Community Strategy Insights

The latest insights on community strategy, technology, and value by FeverBee’s founder, Richard Millington

Three Types of Community Work

Richard Millington
Richard Millington

Founder of FeverBee

We’re usually invited to work on one of three types of community projects:

1) “We have a success and want to make it better”. This is usually when someone wants to overcome a specific challenge, develop a longer-term roadmap, or improve a particular area.

2) “We’re about to launch a community and want to get it right”. This is self-explanatory. Someone needs help to launch the community.

3) “We’ve screwed it up and need help”. Engagement is plummeting, people aren’t participating, and the community is heading towards life support.

I suspect most of you (even if it’s not explicit) are working on one of these three types of communities too.

Each requires an entirely different approach.

1) Successes that can be more successful. These are the most exciting to work on. This is where systematic improvements, training staff, benchmarking (and appropriating good ideas), 1 to 5 year roadmaps, creating better operations structure, building stronger internal relationships, testing ideas and measurement is critical to success. You have some good roadmaps to follow here. The big challenge is narrowing all the options to focus on the ones that matter.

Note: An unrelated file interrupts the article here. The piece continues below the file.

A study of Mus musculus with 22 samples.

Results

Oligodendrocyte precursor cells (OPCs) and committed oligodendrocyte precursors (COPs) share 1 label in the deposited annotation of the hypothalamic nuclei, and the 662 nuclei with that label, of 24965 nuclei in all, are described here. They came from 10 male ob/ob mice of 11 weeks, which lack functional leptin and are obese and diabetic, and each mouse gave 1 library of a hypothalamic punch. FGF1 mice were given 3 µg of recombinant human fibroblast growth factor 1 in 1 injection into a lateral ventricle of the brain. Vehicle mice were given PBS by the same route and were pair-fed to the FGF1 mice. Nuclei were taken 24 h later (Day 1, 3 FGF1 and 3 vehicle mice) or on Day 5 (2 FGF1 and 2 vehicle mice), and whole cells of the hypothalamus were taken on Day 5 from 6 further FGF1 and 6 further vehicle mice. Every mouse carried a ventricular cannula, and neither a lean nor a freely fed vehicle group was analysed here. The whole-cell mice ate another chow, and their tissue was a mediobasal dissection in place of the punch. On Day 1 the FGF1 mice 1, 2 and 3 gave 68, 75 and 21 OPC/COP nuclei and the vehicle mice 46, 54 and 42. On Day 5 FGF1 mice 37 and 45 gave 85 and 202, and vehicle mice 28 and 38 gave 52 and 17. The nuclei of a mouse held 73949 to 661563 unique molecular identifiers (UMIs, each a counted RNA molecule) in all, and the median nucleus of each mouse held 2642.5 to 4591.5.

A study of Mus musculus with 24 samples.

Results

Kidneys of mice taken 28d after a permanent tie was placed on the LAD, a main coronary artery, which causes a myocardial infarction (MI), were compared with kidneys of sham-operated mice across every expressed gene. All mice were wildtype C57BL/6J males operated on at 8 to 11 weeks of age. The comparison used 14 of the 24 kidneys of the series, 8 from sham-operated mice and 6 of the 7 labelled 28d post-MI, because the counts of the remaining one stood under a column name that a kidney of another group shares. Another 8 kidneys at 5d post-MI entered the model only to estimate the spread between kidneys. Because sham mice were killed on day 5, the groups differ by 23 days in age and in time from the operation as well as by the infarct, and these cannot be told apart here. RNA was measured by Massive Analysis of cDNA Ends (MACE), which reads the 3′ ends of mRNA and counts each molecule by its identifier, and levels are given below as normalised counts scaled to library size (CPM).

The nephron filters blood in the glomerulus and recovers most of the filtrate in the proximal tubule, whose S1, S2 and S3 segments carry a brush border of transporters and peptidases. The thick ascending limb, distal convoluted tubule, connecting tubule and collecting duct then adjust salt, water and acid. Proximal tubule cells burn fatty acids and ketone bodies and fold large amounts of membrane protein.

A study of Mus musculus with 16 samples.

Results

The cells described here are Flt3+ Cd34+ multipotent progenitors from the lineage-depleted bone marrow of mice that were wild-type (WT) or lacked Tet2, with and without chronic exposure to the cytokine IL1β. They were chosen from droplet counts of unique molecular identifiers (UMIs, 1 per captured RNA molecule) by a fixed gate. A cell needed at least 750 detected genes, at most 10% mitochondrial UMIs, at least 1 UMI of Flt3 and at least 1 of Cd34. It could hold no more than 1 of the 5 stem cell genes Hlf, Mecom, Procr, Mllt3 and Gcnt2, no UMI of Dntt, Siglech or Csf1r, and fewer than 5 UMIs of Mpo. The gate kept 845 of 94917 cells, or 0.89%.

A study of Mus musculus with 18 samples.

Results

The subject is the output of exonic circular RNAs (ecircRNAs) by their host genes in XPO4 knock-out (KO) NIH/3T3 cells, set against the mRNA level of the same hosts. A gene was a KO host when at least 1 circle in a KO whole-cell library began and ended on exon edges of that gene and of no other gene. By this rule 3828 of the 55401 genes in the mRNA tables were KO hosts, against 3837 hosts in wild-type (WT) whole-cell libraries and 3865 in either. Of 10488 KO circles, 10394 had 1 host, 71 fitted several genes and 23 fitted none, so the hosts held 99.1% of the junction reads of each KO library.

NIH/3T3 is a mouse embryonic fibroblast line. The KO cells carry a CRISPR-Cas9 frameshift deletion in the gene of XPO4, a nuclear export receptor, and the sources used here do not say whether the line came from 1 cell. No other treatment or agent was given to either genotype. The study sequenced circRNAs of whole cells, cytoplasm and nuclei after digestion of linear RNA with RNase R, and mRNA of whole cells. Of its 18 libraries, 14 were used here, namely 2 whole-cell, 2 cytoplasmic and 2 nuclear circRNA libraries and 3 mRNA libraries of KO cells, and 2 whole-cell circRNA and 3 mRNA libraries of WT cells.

2) Getting started projects. These require a tremendous force of will to take off. You have to define a powerful community concept, get support for it, build close relationships with founding members, start and test early interactions, grow steadily and then decide the requirements for a bigger community platform. Within this, there’s a huge difference between say, launching a support community for a huge existing community and starting an interest community for a brand which can’t drive thousands of people to the community tomorrow. Managing expectations is critical in these projects.

3) Turning around failures. This is by far the hardest work. You can see how we helped Colleen at Mayo Clinic here. This requires diagnosing the problem(s) using the right metrics, undertaking a lot of research of members and deciding if it’s a series of small tweaks or a profound overhaul (usually the latter). A profound overhaul usually means a) a change in staff b) a change in platform or c) a change in concept. The hard part is gaining support for this overhaul and doing it right.

Be clear about what kind of work you’re doing.